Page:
A knowledge I carry from New York is that it is infamous for being outrageously costly. It doesn’t matter what you are buying, nothing is cheaper in NYC. So how do people afford such a high cost of living? You might first think of an increase in wages. Well, that’s only partially true. With rents ranging anywhere from $”cheap” to $500,000 per month, a higher salary will only get you so far. This brings me to the most important thing after housing: FOOD.
As a New Yorker, I learned how to cut my costs while eating the best food available. Oddly enough, one of my favorite ways is through my pasta sauce. Pasta in general is pretty low cost, but the sauce is a whole other story. Even looking at the cheapest sauce, it’s about $4.00 for a mere 16 ounces. And not to mention, it’s full of preservatives, added sugar, and ingredients I can’t even define. So I save money and my health by making sauces at home.
Reducing the amounts of already prepared foods like take-out, pasta sauces, cups of coffees and teas, and juices, can drastically reduce throwing away your money and greatly increase your belly’s happiness. So even if you are a person who “never cooks” or “never has time,” making your own sauce and packing your own pasta is one super simple way to save hundreds of dollars per month.
Chances are, your office has a microwave, toaster oven, or heating device. Even if you have to search for it, I’m sure you can find it. Once you locate it, think about how it can save you money, time, and make you healthier.
“With this heating device, I thee wed…delicious homemade foods.”
Pasta was, is, and probably will always remain my “go-to-lunch-option.” I brought it in high school, I carried it to my first job, and I ate it all through college. I continue to carry it to work even in big ‘ol fancy New York City. It’s easy, quick, delicious, cheap, and believe it or not: Healthy!! With options like Lentil, Black Bean, Whole Wheat, Homemade, Veggie, Fresh, and Organic, there are an abundance of flavors and nutritional options available.
You can opt for sauces like pesto, alfredo, butter, curry, anything! I often go for the traditional tomato-based sauce, if I’m going to make something in bulk. It’s the easiest with the greatest output and probably the cheapest. Plus! It’s so so so delicious.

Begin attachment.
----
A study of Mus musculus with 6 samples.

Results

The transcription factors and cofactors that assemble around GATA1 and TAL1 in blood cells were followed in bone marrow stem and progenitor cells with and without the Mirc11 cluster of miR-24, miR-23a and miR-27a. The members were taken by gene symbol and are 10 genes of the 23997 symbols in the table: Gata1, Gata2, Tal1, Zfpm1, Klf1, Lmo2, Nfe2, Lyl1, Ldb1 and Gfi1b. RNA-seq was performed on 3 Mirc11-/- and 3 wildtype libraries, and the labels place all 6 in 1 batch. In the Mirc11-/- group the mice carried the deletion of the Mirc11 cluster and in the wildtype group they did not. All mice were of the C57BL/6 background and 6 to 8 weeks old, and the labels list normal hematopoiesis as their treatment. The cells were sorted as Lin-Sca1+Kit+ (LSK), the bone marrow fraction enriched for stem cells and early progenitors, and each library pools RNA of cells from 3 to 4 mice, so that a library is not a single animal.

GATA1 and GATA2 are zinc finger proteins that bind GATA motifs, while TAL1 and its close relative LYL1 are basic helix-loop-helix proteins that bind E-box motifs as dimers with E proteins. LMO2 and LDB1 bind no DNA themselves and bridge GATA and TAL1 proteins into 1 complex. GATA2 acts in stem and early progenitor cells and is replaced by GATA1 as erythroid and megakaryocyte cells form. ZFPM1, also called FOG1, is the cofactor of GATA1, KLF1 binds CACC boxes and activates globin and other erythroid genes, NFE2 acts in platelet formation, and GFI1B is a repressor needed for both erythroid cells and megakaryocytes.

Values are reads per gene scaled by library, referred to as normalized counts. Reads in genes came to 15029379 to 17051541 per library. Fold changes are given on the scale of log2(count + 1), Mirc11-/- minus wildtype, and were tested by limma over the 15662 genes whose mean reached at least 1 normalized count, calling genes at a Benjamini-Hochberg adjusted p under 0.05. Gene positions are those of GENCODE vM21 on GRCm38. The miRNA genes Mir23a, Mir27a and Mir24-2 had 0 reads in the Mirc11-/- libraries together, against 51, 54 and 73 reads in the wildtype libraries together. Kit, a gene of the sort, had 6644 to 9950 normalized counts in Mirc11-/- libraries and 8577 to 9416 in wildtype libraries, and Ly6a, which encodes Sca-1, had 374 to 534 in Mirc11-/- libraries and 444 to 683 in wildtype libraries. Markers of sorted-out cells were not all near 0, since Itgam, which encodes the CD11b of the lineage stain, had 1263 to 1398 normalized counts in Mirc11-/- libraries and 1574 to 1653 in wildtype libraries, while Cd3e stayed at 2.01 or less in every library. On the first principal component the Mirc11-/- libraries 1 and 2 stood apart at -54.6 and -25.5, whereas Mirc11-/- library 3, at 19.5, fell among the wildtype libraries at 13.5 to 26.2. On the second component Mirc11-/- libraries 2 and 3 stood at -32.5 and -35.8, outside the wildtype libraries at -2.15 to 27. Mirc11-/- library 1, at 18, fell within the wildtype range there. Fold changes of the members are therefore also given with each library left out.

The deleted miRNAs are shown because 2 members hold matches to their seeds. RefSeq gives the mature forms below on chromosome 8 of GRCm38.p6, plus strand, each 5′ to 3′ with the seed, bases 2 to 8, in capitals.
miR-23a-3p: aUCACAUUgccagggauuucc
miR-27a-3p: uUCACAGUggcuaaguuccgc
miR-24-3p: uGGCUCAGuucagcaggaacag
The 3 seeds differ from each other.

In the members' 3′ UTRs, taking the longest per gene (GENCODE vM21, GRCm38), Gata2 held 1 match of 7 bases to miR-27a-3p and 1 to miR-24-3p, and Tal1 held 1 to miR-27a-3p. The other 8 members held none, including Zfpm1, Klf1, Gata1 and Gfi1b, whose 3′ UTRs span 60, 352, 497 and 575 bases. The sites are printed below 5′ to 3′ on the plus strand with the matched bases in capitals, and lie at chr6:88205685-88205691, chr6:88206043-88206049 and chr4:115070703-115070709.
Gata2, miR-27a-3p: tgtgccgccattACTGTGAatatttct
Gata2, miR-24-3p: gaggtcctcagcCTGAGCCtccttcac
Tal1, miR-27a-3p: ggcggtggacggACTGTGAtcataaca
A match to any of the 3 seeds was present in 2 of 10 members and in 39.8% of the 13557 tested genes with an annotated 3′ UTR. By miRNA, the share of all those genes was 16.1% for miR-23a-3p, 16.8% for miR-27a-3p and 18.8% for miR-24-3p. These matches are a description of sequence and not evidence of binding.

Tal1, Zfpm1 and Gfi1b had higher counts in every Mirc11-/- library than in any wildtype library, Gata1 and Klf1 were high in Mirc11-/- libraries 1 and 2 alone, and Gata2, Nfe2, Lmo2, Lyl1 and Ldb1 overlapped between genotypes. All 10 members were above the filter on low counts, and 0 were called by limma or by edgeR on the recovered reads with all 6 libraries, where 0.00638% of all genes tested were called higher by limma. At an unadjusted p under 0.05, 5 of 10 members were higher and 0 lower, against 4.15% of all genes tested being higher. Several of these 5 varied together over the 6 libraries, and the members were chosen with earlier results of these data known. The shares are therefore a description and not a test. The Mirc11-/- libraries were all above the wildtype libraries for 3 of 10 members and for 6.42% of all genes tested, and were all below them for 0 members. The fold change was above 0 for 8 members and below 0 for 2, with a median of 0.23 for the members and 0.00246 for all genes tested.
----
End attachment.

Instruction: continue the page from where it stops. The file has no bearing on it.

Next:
For my non-tomato-based sauces, I generally follow recipes I find online.
Here are some of my favorites:
- Lemon, Basil, Garlic Pesto Sauce (I always personalize this by leaving out the Parmesan cheese and Pine Nuts. I like to toss this one with Ziti.)
- Coconut Curry Sauce (For this sauce, you can keep all the ingredients and toss it with beautiful fresh linguine. I usually omit the chicken and potato! It’s so delicious!)
- Parmesan Alfredo Sauce (This isn’t the healthiest option, but it is awesome. AWE-SOME. I like to use this as a variation of Mac ‘n Cheese.)
- Garlic Lemon Butter Sauce (I absolutely love tossing this with Penne and Fresh Organic Veggies I find at Farmer’s Markets around the city.)
Now, on to my favorite: Homemade Tomato-Based Sauce
I’m going to promote Whole Foods Market now.
“But didn’t you say we were doing this to save money?”
“Yes! Yes, trust me!! Keep reading!”
Let’s Get Cookin’
Ingredients* For ~90 Ounces and $15:
- Organic Tomato Sauce ($1.69)
- Organic Diced Tomatoes ($2.29)
- Organic Whole Peeled Tomatoes ($2.29)
- Two Large Organic White Onions (~$3.00)
- 1 g each of Fresh Organic Basil, Rosemary, and Tarragon (all total ~$2.50)
- One bulb Organic Garlic (~$0.75)
- Four Organic Shallots (~$2.00)
- 2 tbs Fresh Black Pepper Corns; 1 tbs Sea Salt (If you don’t already have them, this amount probably costs ~$0.30)
*The costs of the fresh produce will vary as it is mostly sold by weight.
This is where things get messy!
Step 1. Open the cans and pour the contents into a large pot (14 qt. size is good) that has a lid. Use a little water to get the remaining contents out of the cans. This also adds a little volume to your sauce. Heat over medium heat.
Step 2. Peel and cut the two large white onions in half. Place the four pieces into the large pot of sauce. Now, put the lid on the pot and move onto Step 3!
Step 3. Peel and chop 4 shallots and one bulb of garlic. Set aside.
Step 4. Doll out sufficient portions of fresh Basil, Rosemary, and Tarragon. I never measure my fresh herbs because honestly I don’t think you can have too much. However, a good guideline would be 1 g of each fresh herb. Set them aside.
Step 5. Heat 2 tbsp organic Olive Oil in a medium sized skillet.
Step 6. Do the “water test” and drop a teeny tiny drop of water into the skillet to be sure the oil is hot enough. Once water test approved, saute the chopped garlic and shallots until golden. Turn off the heat. With the skillet still on the heated field, sprinkle the fresh herbs over the golden mixture. Place a lid over the skillet and set aside.
Step 7. Grind the black pepper. Add the pepper and salt to the sauce. Add the sauteed mixture and cover the pot.
Step 8. Simmer over low-medium heat for 25 minutes, once all ingredients have been added. And keep it covered!
Step 9. Remove from heat. Remove all the portions of the White Onions and either discard or use for something else. You can keep them and use them for the next steps, but I always use them for other things.
Step 10. Let the sauce cool for 10 minutes, unless you have a Food Processor that can safely handle the high temperature.
Step 11. Ladle portions into a Food Processor and blend until smooth.
Step 12. Jar It Up!
If you want to be sure your hard work doesn’t go to waste, follow these guidelines to assure your success is preserved!
You now have a hoard of pasta sauce and you did it all yourself!